Roane County Sheriff Jack Stockton’s opinion of D.A.R.E. has changed over the years. So much so that his office is implementing it back into the Roane County School System.
Roane County Sheriff Jack Stockton wasn’t a fan of the D.A.R.E. program in 2014.
“You can talk about D.A.R.E. all day long,” Stockton said during a forum hosted by the Roane County Republican Women.
“There is no proven statistics that D.A.R.E. works.”
Stockton’s opinion of D.A.R.E. has changed over the years. So much so that his office is implementing it back into the Roane County School System.
“I talked to the coordinator of the D.A.R.E. education training program,” Stockton said recently.
“He told me the officer has a little bit more leeway now with the classes and it’s more modernized for the kids to keep their attention, and some of the stuff they’re teaching now was not with the old curriculum.”
D.A.R.E. is an acronym that stands for Drug Abuse Resistance Education.
One of the goals of the program is to teach students how to withstand peer pressure and live drug and violence free lives.
“I sent two officers to school during the summer and got them certified to teach D.A.R.E.,” Stockton said.
According to information provided by the sheriff’s office, the program will focus on teaching students about decision making skills, facts about drugs, resisting peer pressure, how to stay in charge of their lives and how to be good citizens in their communities.
“I think the kids will really take an interest in that program,” Stockton said. “It excited me that they took the initiative to change some stuff in the way they teach, too.”
Roane County Director of Schools Leah Rice Watkins said she is excited about the program being back in the schools.
“It’s a good program,” she said. “A good partnership for the school system. It’s a great way for our students to connect with officers.”
The sheriff’s office is seeking funding assistance from businesses through sponsorships or donations.
“The assistance will go toward items for students during the program along with prizes and special items for graduating the program,” the sheriff’s office said in a press release.
Anyone interested in providing funding assistance can contact the sheriff’s office at 376-5582.
“We’re optimistic about it and we’re really excited about this program back in the school system,” Stockton said.
From Roane County News
Walterboro police officers helping to push an anti-drug message to a local elementary school. Students who attend Forest Hills Elementary in Walterboro will be receiving a D.A.R.E. course, thanks to new D.A.R.E.-Certified officer Rusty Davis. Davis is a Lance Corporal with the WPD who received his certification through the national anti-drug program last year.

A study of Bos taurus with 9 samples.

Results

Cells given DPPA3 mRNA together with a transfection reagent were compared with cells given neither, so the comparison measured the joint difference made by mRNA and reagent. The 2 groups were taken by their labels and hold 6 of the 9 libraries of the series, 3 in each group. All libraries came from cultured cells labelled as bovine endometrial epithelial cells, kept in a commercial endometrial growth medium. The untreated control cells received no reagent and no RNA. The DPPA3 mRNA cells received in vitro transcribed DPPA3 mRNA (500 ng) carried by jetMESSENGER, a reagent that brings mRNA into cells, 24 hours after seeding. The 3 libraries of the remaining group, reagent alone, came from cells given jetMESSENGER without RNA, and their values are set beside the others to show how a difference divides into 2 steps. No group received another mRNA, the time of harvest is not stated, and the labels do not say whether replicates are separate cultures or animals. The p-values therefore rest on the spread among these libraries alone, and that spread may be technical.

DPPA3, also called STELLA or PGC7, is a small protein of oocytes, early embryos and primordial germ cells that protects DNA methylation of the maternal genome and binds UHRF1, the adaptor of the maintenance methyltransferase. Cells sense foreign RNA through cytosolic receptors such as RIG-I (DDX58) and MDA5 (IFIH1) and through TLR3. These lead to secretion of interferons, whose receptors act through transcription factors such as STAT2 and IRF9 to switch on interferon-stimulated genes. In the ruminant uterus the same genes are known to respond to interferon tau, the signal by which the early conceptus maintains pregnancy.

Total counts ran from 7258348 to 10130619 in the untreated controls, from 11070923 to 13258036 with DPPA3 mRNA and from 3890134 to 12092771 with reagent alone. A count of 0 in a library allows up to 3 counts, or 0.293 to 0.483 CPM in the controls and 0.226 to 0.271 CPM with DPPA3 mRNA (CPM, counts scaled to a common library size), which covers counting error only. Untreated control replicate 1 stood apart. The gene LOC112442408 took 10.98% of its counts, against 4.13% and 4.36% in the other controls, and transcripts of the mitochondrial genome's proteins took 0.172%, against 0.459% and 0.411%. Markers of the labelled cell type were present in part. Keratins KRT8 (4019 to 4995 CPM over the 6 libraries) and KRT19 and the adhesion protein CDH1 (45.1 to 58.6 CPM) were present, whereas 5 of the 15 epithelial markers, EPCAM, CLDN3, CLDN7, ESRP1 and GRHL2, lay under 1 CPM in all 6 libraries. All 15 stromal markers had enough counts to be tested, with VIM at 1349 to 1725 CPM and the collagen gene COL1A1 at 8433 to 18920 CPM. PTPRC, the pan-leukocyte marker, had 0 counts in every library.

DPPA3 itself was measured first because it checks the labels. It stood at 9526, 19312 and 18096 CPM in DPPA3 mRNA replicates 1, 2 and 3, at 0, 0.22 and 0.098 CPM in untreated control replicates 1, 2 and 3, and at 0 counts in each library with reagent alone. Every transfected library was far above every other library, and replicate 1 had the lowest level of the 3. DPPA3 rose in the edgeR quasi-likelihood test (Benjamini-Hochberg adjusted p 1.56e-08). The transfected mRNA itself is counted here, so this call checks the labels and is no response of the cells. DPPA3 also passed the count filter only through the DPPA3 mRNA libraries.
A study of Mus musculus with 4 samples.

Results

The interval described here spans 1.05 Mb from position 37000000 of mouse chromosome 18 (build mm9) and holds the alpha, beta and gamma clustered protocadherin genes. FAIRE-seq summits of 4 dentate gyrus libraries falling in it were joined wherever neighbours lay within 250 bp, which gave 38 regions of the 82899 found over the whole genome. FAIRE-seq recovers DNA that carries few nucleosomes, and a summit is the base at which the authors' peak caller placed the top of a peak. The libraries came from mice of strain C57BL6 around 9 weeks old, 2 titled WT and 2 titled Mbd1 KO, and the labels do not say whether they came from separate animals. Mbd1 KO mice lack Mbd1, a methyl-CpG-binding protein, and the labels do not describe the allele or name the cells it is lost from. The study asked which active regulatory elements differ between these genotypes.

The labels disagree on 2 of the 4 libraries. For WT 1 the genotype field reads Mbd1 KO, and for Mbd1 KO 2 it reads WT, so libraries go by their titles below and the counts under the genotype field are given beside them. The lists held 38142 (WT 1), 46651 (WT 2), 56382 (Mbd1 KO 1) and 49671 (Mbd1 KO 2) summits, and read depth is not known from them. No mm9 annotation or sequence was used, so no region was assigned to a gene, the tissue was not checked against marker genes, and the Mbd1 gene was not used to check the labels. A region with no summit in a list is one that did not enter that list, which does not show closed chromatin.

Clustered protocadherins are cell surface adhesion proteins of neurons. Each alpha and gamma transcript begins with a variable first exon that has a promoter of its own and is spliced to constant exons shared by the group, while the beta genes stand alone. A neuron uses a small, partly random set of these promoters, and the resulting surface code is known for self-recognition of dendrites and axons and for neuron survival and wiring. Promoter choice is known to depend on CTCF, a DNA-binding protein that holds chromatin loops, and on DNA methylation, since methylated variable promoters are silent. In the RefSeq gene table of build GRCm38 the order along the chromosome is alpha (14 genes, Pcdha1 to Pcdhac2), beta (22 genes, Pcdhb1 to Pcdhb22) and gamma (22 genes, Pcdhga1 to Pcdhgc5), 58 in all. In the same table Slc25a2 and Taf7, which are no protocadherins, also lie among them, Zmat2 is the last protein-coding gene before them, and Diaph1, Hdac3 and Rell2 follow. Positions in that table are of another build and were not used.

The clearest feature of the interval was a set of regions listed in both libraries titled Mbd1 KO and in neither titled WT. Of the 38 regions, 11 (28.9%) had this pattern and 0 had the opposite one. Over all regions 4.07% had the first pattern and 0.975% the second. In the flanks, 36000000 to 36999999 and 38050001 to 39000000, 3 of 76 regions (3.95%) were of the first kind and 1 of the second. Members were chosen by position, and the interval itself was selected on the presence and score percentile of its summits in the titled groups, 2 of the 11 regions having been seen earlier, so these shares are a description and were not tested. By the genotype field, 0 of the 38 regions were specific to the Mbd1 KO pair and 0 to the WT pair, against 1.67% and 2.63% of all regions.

SARANAC LAKE – After an eight-year hiatus, Saranac Lake School District has brought back the Drug Abuse Resistance Education (D.A.R.E.) program. The D.A.R.E. program has been revised using a new “keepin’ it REAL” curriculum. Students are assigned to write an essay expressing their thoughts and ideas about what they learned during the D.A.R.E. program.
The return of D.A.R.E. to Anne Arundel County was announced by County Executive Steve Schuh, Anne Arundel County Public Schools Superintendent George Arlotto, and Police Chief Timothy Altomare. D.A.R.E., which was part of the county schools’ curriculum from the 1990s to 2003, will be taught at Annapolis, Corkran, and Lindale middle schools starting in February this year.
The Forsyth Township Police Department has initiated a new Drug Abuse Resistance Education — or D.A.R.E. — program in the Gwinn Area Community Schools. D.A.R.E. was taught in schools throughout Marquette County in the past. Last fall Sergeant Jesse Cadwell attended D.A.R.E. training in Virginia and can now teach the curriculum.
GROVELAND — After a 12-year hiatus, the Groveland Police Department’s Drug Abuse Resistance Education program has been restarted and, according to Chief Jeffrey Gillen, it has been well received by school officials and parents.
Groveland Detective Josh Sindoni (in photo), a three-year member of the department, is the town’s D.A.R.E. officer.
D.A.R.E. Essay Finalists Cady Marrs (from left) and Jacob Willoughby, Essay Winner Karley Campbell and Nelson County Sheriff David Hill at Tye River Elementary School on Dec. 5 LYNCHBURG — After a four-year hiatus, the Nelson County Sheriff’s Office has brought back...
Students in a fifth-grade class at Herkimer Elementary School were given a scenario Thursday where a girl who smokes was going to a party. Some of the students offered solutions about what they would do. One said to not go. Another said to go, but if the friend started smoking to say you had to go home. Another said to just walk away.
"Officer Appel put on a mind blowing graduation for the first kids to graduate a D.A.R.E. program in Sisseton in 20 years. The ceremony included a full police escort with lights and sirens to the performing arts center. We were joined on stage by the Mayor, Sisseton...
Sheriff Kevin crews is bringing back the Drug Abuse Resistance Education program to Washington County schools.
The program hasn’t been taught in Washington County since 2007.
The course was offered to fifth graders at Vernon Elementary School and Kate Smith Elementary School in Chipley.